Nicolas Frame


First Articulation Model of Nicolas Frame Summary : We seek to maintain stability with the isostatic frame designed. To solve the problems of cracks in the structure, it is necessary to release the structure, by allowing its movement. Displacement : The phenomenon of differential settlement arises from the nature of the soil, the presence or absence of the water table and other factors. Dimensioning : The loads taken into consideration are due to the dead weight and the wind loads. It is necessary also to design the profile of the frames with the predicted displacement/ differential settlement. Modelization : A model taking into consideration the profile of the bars, the type of joints at the intersection, helps to estimate the stresses, the displacement of the structure and its deformation.

Key benefit

Solves cracks in a residential pavilion or office building, by treating differential settlement between the foundation of each support.

Material list

Kerto LVL S-beam
Kerto LVL S-column
Kerto LVL S-frame

Ecological values

Making pavilion everlasting, puzzled constructed, re-used for other projects, and by that being more sustainable.



  • Economical span (mm)
  • Thickness (mm)
  • Airbourne sound reduction factor (dB)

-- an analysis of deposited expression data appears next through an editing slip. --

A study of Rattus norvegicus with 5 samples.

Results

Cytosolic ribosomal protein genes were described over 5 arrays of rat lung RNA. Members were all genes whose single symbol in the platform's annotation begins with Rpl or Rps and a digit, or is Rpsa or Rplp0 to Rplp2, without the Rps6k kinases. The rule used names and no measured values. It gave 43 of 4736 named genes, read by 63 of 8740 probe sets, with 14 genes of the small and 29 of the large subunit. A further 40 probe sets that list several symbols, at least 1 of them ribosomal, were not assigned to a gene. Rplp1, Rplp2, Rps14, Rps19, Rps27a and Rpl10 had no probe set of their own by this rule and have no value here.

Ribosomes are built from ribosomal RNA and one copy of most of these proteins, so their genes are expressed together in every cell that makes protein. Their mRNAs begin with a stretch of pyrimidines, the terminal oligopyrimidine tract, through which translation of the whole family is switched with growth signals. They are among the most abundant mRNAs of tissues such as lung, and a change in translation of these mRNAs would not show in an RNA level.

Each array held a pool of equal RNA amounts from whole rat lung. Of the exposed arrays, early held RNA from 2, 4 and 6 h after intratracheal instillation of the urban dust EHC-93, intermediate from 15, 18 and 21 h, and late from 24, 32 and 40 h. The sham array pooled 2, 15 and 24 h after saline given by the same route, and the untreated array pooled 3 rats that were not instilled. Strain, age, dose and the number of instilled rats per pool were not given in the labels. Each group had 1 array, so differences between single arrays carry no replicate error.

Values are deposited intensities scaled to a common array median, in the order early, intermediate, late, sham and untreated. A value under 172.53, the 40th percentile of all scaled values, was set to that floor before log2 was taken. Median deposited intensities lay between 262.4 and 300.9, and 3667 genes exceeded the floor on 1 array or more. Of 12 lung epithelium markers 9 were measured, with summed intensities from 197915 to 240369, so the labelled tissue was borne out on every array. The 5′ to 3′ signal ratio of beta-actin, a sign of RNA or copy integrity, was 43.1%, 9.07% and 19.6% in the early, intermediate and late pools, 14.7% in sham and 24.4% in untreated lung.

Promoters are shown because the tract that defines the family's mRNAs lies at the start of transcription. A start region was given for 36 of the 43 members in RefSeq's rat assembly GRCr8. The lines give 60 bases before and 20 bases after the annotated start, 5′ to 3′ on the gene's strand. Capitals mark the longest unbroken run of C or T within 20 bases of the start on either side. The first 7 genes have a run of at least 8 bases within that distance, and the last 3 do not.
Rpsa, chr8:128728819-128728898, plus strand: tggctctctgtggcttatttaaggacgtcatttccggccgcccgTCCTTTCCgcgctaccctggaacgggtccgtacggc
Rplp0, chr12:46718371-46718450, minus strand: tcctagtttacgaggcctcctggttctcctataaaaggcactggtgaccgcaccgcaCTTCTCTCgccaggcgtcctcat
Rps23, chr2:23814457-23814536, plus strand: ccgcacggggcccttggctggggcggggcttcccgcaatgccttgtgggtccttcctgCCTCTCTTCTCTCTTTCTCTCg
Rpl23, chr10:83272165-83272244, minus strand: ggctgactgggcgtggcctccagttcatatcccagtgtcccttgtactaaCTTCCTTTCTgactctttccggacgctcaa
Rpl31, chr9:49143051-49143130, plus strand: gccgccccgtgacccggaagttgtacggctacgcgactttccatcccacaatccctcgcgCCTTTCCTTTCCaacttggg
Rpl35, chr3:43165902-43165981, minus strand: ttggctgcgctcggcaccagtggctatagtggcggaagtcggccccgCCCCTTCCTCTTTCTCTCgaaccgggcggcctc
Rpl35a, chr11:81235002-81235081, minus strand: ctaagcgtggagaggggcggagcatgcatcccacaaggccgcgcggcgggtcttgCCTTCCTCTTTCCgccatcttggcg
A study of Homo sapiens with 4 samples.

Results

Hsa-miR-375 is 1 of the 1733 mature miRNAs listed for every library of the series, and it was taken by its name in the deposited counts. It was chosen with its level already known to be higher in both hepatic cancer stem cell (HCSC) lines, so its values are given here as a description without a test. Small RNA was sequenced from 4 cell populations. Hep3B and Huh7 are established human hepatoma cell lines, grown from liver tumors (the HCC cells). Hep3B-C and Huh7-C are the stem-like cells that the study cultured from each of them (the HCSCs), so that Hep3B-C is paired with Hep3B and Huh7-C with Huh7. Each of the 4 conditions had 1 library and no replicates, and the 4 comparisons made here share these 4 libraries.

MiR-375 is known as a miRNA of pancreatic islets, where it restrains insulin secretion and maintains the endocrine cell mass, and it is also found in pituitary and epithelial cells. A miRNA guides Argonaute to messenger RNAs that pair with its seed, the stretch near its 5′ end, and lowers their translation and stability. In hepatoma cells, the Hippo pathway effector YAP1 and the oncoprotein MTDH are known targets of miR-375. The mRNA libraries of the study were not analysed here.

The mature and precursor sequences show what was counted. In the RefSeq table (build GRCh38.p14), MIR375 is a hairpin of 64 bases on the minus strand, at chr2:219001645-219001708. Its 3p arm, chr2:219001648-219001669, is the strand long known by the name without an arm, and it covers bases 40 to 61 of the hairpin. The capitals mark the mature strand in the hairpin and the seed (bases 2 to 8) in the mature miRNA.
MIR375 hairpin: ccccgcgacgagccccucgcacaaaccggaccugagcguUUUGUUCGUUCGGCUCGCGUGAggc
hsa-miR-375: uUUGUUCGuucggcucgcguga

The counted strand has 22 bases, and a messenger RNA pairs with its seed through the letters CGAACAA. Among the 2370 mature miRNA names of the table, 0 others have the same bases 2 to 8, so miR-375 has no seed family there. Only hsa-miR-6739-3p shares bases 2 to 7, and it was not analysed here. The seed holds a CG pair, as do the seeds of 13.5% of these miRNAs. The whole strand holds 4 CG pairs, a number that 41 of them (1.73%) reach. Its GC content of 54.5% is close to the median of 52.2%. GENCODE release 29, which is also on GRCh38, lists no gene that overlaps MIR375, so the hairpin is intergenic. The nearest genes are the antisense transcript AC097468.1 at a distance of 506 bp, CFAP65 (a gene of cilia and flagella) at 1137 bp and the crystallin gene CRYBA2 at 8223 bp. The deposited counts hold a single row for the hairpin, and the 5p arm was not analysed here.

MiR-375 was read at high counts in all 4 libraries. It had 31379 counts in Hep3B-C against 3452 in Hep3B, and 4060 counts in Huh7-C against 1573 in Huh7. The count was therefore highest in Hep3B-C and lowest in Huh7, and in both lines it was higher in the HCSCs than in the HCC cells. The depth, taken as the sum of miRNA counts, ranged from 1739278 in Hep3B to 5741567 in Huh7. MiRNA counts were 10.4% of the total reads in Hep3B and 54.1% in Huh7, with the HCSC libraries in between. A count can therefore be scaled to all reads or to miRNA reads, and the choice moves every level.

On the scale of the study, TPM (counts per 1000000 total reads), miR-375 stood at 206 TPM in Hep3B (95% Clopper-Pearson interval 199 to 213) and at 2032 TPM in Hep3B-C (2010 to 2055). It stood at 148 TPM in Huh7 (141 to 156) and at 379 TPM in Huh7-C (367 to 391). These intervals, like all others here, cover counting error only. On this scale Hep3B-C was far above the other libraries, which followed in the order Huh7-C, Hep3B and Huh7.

• Impact sound transmission (dB)
  • Resistance to fire class
  • Thermal properties



  • It is very interesting idea to increase the amount of hinges in frames for extra deformations. It makes the single frame unstable but in space frames allows to interlock them. As the innovation owner explains this would allow the settlement of the foundation. These seams definitely a possibility of added values as the renovations costs just from natural disasters alone are huge.
  • Dear Nicolas, I feel confused reading the description and analyzing your drawings : your idea relies on the implementations of hinges into the structure to obtain statically determined structures, isn't it? If yes, hinges such as suggested on your drawings may not be at optimal place in wood structure: it's quite rare - not to say it never happens - in timber structures, to find an hinge at the middle of a span in a frame (except maybe for cantilevers connections). In addition, it also means that other connections are moment-resisting, which is also a challenge (read: a cost-impacting solution) in Wood structures. This idea also addresses the problem of cracks: do you mean cracks into the building material (such as in concrete?), or cracks in ceilings, walls, plasterboard's...etc? So it looks to me as a good academic exercise of structural modelling, but not realistic solution for a timber-based frame structure...sorry for that.